Vice President Dr Mahamudu Bawumia on Wednesday criticised former President John Dramani Mahama for failing to show leadership to resolve the financial meltdown in the country during his tenure of office.
He noted that the former President rather kept the banks and other financial houses in their comatose state till they died, instead of allowing the Regulator (Bank of Ghana) to perform its work independently as required by the law.
“This problem in the banking system was obvious in 2014 and even before. It is a problem that President Mahama and his government should have already thought about.
“Even when we were in opposition, we pointed out the basis of an available data that, at least eight banks are likely to collapse, and yet nothing was done and so when things came to a head in 2017, the Bank of Ghana took a decisive step to resolve a situation,”Dr Bawumia explained.
Vice President Bawumia said this when he reacted to a statement issued by former President Mahama on August 22, that he would set up a Policy Working Group with a view of coming up with a pragmatic solution to the financial crisis.
The Vice President made the remarks when he launched 100,000 housing project being implemented by the United Nations Office of Project Services (UNOPS) and the Sustainable Housing Solutions Limited at Afiaman in the Ga West Municipality on Wednesday.
Dr Bawumia explained that if anything has shaken the very foundations of confidence and trust in the financial system, then it was former President Mahama’s government that failed to exercise leadership to resolve the financial crisis during his tenure of office.
He said President Mahama’s administration did not roll out any specific policies to rescue those banks and financial houses that were in financial meltdown, saying that, the former President was now talking about supporting financial institutions because he wanted votes in the 2020 elections.
He noted that former President Mahama superintended over four years of power crisis (dumsor), while many teachers and nurses were unemployed and cancelled nursing and teacher trainee allowances and returned the nation to “Cash and Carry” system under the National Health Insurance Scheme.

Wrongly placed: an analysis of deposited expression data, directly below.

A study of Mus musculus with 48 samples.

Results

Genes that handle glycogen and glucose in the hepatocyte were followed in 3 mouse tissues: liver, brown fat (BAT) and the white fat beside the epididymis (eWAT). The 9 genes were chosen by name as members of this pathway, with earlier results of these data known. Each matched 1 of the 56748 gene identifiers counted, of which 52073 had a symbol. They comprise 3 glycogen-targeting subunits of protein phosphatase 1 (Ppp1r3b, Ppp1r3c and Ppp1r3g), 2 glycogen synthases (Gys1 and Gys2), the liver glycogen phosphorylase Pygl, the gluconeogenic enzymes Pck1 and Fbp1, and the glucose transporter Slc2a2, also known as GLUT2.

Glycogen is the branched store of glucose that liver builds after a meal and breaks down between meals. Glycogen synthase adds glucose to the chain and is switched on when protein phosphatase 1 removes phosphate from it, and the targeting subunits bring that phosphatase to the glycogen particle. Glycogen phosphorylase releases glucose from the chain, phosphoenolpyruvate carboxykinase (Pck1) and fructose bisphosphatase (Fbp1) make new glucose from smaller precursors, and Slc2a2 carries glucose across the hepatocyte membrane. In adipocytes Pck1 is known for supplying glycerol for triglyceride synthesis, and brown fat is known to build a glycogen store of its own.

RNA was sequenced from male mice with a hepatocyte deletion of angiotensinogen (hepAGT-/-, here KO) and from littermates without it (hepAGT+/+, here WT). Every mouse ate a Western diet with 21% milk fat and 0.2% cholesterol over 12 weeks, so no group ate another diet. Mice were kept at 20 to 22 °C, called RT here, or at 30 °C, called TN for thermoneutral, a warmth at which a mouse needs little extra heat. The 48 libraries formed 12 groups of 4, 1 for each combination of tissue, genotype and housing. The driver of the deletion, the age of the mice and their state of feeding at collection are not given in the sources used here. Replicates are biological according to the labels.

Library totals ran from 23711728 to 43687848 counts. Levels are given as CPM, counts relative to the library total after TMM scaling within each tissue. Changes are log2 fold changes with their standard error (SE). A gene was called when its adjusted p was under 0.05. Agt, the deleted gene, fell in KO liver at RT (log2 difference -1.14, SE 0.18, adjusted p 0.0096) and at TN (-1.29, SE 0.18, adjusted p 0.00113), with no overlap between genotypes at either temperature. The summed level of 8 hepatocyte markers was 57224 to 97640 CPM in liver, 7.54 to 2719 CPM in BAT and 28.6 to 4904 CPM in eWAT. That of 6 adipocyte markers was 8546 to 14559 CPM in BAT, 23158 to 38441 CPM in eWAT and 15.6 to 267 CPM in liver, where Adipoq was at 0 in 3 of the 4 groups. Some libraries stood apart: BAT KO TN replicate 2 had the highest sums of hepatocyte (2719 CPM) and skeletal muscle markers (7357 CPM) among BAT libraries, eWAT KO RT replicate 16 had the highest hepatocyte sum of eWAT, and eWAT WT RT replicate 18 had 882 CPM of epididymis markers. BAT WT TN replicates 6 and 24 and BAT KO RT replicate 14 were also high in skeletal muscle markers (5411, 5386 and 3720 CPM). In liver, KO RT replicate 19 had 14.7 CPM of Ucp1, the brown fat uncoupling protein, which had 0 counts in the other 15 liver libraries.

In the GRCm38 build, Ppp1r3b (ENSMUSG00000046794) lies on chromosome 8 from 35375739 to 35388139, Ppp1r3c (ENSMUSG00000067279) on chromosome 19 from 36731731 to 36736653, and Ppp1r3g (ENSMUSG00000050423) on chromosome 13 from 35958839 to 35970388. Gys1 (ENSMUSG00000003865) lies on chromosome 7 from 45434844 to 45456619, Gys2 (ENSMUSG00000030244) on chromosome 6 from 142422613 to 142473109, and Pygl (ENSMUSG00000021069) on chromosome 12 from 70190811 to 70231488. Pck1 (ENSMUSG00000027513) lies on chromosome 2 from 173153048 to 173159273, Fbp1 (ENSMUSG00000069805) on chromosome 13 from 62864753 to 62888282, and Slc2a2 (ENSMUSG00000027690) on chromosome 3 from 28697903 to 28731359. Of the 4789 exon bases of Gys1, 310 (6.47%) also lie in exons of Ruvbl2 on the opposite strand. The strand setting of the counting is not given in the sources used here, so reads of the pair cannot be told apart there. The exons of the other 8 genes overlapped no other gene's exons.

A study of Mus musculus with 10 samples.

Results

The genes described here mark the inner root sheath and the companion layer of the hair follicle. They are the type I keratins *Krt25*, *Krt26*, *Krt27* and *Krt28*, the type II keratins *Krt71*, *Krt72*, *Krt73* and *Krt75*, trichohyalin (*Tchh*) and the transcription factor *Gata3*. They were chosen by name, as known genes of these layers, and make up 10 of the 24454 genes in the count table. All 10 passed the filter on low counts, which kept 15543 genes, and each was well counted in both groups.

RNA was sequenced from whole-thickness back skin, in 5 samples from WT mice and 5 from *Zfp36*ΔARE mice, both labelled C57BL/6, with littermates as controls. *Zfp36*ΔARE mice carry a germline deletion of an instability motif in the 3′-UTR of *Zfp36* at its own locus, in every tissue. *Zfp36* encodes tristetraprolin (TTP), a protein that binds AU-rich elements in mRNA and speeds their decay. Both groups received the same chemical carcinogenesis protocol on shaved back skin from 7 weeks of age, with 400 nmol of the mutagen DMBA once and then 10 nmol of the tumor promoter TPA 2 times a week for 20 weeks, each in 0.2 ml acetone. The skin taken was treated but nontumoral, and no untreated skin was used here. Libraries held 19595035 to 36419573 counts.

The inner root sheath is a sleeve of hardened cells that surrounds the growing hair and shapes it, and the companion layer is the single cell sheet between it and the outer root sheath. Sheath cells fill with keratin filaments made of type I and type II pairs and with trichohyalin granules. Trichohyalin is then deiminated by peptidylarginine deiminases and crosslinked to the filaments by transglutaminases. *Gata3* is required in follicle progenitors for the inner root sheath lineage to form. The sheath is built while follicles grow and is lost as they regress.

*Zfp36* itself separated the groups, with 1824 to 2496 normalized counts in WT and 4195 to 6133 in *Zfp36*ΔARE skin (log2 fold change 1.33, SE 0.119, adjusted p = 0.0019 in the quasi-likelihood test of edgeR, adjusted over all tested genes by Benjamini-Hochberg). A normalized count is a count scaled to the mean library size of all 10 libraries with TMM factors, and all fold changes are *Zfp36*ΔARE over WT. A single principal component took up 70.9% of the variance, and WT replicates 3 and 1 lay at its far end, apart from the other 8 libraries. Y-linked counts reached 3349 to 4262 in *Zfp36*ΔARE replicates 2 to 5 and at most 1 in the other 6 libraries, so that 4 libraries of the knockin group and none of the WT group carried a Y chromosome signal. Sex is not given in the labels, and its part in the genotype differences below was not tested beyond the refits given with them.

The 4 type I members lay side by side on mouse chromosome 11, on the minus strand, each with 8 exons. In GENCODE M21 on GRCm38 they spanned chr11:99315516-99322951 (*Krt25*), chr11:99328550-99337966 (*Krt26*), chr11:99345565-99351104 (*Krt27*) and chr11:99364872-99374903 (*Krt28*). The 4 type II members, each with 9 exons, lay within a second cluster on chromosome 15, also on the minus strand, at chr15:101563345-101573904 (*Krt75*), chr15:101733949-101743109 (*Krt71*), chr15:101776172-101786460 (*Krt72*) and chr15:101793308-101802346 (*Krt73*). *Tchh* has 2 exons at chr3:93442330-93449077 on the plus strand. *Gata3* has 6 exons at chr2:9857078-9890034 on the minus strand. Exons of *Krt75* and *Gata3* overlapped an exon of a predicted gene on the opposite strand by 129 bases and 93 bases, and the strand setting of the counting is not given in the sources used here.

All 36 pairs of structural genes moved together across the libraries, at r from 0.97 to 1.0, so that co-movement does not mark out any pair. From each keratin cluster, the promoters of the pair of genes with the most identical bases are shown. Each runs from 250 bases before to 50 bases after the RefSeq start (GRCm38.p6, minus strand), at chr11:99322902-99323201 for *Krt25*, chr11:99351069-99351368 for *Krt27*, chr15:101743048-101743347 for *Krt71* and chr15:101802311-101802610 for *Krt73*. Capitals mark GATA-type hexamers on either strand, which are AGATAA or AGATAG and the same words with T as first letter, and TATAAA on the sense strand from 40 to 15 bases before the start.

Vice President Bawumia explained that President Akufo-Addo Government’s action to undertake financial clean-up had restored confidence in the banking system as customers of defunct deposit-taking institutions continue to access their funds without difficulty.
“Through government’s interventions, deposits held up by 4.6 million depositors had been saved, and also saved 3,000 jobs if the banks were allowed to collapse,” he stated.
He said should the 4.6 million depositors’ funds have been lost; it could have created a national security threat, which would have threatened the peace and stability of the nation, saying; “It is better to have a few well-capitalised, liquid and sound banks than having many under-capitalised and illiquid banks that could not effectively function as banks”.
Vice President Bawumia lauded the current leadership of the Bank of Ghana for showing courage by taking the bull by the horns and dealing decisively with the problems created by the erstwhile NDC administration led by President Mahama to avert the total collapse of the country’s financial system.
Ghana government spent GH¢13 billion to pay off depositors funds which were misappropriated by the defunct banks and savings and loans schemes.
Government set up the Consolidated Bank Limited and capitalise it with GH¢450 million to acquire depositors liabilities of the seven of the nine defunct banks so that no depositor loses his/her deposit.
Dr Bawumia said the move had resulted in stronger indigenous banking sector, restored confidence and trust in the financial sector, adding that, without a sound financial and banking environment, it would be difficult for workers to buy affordable homes with mortgage term.
He said that the NPP administration under President John Agyekum Kufuor instituted reforms between 2001 and 2008, to create a modern financial sector that was well-capitalised and liquid, which saw banks chasing workers to go for loans.
However those gains were painfully eroded by years of unregulated and supervisory oversight under the Mahama’s administration.
That, he said, resulted in financial institutions with inadequate capital and poor governance practices having a field day, while shareholders plunged the funds of depositors in risky ventures.